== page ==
As the sun begins to set to the west of campus, its light peering slowly through the all-glass wall on the south side of Tech Station, giggles radiate through the room as chairs slide across to see what is on one of the station’s computer screens.
Inside, 10 middle-school girls are using programs such as Python to develop their own games that vary from using Poké Balls to incorporating upbeat music. Behind the keystrokes are friendships and camaraderie, making their time spent at FIU that much more special.
The girls are there for the Girls Who Code club, a two-hour weekly meeting that occurs every Tuesday on FIU’s MMC campus. The program started during the Fall 2016 semester and shifted to offer a second club opportunity this spring to middle-school students.
The objective is to teach the girls coding, robotics, web and app development, and computational thinking such as abstraction, algorithms, and binary systems. The club also helps develop communication and teamwork skills in a safe and comfortable environment where the girls feel like they can be themselves.
“Based on teaching best practices, this course is about more than just teaching the girls to code,” said Mario Eraso, the STEM/Internships coordinator at FIU’s School of Computing and Information Sciences. “It is about allowing them to build the necessary soft skills, as well as deep relationships that may further inspire them to pursue a career in computer science.”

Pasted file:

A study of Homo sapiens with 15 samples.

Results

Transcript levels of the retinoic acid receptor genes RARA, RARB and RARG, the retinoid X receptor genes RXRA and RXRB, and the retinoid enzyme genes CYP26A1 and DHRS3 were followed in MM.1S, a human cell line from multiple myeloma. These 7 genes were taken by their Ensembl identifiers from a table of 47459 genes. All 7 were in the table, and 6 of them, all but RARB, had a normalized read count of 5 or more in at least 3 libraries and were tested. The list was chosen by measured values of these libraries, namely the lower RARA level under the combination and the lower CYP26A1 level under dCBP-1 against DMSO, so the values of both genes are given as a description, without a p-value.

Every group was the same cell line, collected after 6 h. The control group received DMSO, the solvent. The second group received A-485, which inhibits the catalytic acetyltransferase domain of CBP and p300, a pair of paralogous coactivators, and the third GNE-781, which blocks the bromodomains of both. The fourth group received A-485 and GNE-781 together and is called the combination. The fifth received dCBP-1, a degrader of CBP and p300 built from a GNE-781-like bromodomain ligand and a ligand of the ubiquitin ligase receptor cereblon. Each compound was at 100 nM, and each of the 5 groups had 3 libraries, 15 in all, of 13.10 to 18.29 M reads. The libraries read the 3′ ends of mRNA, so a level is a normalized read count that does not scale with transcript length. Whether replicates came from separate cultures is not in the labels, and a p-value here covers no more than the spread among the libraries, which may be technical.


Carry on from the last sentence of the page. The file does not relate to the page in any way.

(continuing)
The girls are mentored and taught by female college students currently pursuing careers in computer science.
“They love playing each other’s games,” said Kierstin Matsuda, the girl’s coach and mentor for the Tuesday class. “It’s really nice to see the friendships they have built and the passion they have developed for the course. One of the girls even spent her entire one-week vacation building her game. ”
Matsuda is one the club’s three student teachers. Two of them are FIU students, and one is a high-school volunteer whose passion for computer science inspired her to continue to work with the girls. The hope is to expand the program to host five clubs of 10 students on every day of the week.
Every semester the club also organizes an event to showcase the projects the students have produced. It is also an opportunity to educate the community and the girl’s parents on computer science and information technology.
Eraso also coordinates the Girls Who Code Summer Immersive Program. This program is a seven-week program for 20 junior and senior high-school girls. FIU will be hosting its fourth summer intensive program this year.
“If I had a program like this in middle school, I would have studied computer science and not business,” said Matsuda. “I am about to get my degree in business, but I really want to have a career in computer science. If I had been exposed to these things during my formative years, I would have chosen this as my profession. That is the entire purpose of the program. ”
This post “Coding, friendship inspire the next generation of women in IT” was originally published on FIU News.